It was way past midnight in Montreal and on Rue Saint Hubert a blind-drunk man was weaving his way past my friends Marie-Josée and Diego as they waited for a taxi last week.
They told me the next day how the man had staggered up to a large tree and then hugged it intensely for a few seconds before meandering off into the night, unaware that anyone had seen him.
As we laughed about this private nocturnal meeting between man and nature, I thought about the phrase tree-hugger and the way people tend to use it to denigrate anyone who advocates a more sustainable way of living.
People who use the phrase seem to imply that a tree-hugger would value nature ahead of humanity — and that therefore their views are immediately worthless. But nothing could be further from the truth.
The first recorded tree-huggers were villagers in Rajasthan, India who sacrificed themselves in 1730 to protect khejri trees (Prosopis cineraria, shown below) that their community depended on.
The trees were materially important to the villagers in their dry desert landscape. They provided fodder for livestock and firewood for cooking. Their leaves and bark, flowers and sap were used in traditional medicines. The shade they created was a welcome haven for farmers who toiled in the blistering heat.
Maharaja Abhay Singh, the ruler of Jodhpur, had sent men to fell the trees but a brave woman called Amrita Devi offered to sacrifice her life if it would spare one tree. When the axe-men took her up on her offer and severed her head, her three daughters pleaded for the men to kill them too in place of the trees. They paid the same price.
These four deaths did not deter the tree-fellers, so many other villagers began to offer their own lives in exchange for the survival of a tree. Some hugged the trees, putting their bodies directly between the axe and its target.
In the bloodbath that followed some 363 men, women and children were slaughtered, but when the Maharajah heard of the villagers’ bravery and devotion he banned any tree-felling from their areas.
Nearly 250 years later tree-hugging became well-known worldwide when, once again, Indian villagers took on more powerful opponents to protect trees their community had long nurtured and benefited from.
The Indian government had permitted private companies to log areas of forest that local communities had managed in a sustainable way for generations, and in the 1970s villagers in the highlands of northern India began peaceful protests against the deforestation.
A turning point came on 26 March 1974, when Gaura Devi and 27 other women from a village in what is now Uttarakhand state confronted loggers who had come to take their trees.
When the loggers began to abuse and threaten the women, they hugged the trees to prevent them being axed (see image below from The Hindu newspaper). More villagers joined the protest and after four days the loggers left empty-handed.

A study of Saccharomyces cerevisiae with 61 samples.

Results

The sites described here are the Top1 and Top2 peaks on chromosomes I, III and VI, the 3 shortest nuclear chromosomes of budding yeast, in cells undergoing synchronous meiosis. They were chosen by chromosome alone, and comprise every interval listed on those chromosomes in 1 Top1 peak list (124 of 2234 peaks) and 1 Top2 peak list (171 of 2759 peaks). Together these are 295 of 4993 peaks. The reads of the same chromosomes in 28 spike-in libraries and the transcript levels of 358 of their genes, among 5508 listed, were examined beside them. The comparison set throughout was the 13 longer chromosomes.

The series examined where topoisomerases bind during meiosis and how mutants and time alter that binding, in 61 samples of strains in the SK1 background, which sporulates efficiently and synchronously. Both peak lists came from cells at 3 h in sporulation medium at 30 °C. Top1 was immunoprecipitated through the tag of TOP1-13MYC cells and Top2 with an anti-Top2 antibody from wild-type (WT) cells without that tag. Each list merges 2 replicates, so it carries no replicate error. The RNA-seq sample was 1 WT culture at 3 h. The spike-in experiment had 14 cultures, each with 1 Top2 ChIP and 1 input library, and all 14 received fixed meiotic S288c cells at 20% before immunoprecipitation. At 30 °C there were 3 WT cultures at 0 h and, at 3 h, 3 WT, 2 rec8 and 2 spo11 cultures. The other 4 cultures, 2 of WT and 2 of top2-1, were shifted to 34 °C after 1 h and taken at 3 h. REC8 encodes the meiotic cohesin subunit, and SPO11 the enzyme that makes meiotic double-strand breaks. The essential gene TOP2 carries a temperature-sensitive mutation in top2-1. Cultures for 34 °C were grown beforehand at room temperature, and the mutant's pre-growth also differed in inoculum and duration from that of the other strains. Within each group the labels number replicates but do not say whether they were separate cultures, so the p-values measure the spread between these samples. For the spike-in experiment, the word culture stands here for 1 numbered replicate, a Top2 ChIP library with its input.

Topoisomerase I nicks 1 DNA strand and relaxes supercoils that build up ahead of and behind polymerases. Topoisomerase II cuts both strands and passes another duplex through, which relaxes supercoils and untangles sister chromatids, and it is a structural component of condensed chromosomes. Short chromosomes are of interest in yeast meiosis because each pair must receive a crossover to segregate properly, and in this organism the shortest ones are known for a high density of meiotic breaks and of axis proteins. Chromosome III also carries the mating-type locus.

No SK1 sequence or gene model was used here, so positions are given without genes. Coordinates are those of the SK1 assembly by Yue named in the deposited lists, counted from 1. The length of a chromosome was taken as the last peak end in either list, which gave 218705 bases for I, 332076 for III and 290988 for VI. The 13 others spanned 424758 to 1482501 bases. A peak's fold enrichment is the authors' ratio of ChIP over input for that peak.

When news reached the state capital, the chief minister investigated and ruled in favour of the villagers. The Chipko movement, as it became known, spread across India and inspired people around the world to take a stand against destruction of the environment.
Tree-hugging, then, is as pro-human as it is pro-tree. Its originators knew intimately that humanity is a part of nature not apart from it.
Since the time of Gaura Devi though, people have increasingly revealed their own detachment from the natural world by labelling others “tree-huggers” in an effort to belittle their environmental ethos.
Worse, the label is often used to gather peaceful humanitarians, rational scientists and many other people with a concern for the environment, and lump them together with misanthropic — and in some cases violent — eco-extremists.
This happened this week, when a gun-toting American called James Lee took staff at the Discovery Channel hostage in a protest about the state of our planet. Sections of the media and blogosphere quickly branded Lee a “crazed tree-hugger” (here, for instance).
Lee may have been crazed but he was no tree-hugger. His list of demands showed that his opinions of humanity were a million miles away from what Amrita Devi or any genuine modern-day environmentalist would subscribe to.
But by using the term “tree-hugger”, journalists and bloggers directly linked Lee’s reprehensible extremism with the behaviour and motives of mainstream environmental organisations, academics and communities around the world that live in close contact with nature.
So I guess it is time to reclaim the tree-hugger title, explain that tree-hugging is really a powerful expression of humanity’s interdependence with nature — and to get outside and do some tree-hugging for real.
Until last week I had never done this myself, but when I heard the story of the drunk guy on Rue Saint Hubert I decided it was time to find out what it was like.
The next night I was on the same street and there in the dark, for just a few seconds, I embraced a big tree. It was not a life-changing event but it was an intensely different to anything I had ever felt before.
To connect physically with that other life form was a very humbling experience.
I was aware that its roots were embedded deep in the ground beneath my feet, and that its leaves that danced in the breeze far above my head were pumping out molecules of oxygen that I might one day inhale. I recommend the experience highly and would do it again.
So here is my challenge to anyone who has ever thrown the word tree-hugger around for a laugh or in spite… Go out and hug a big old tree.
You can’t possibly regret it, unless — like the tree — you have a heart of wood.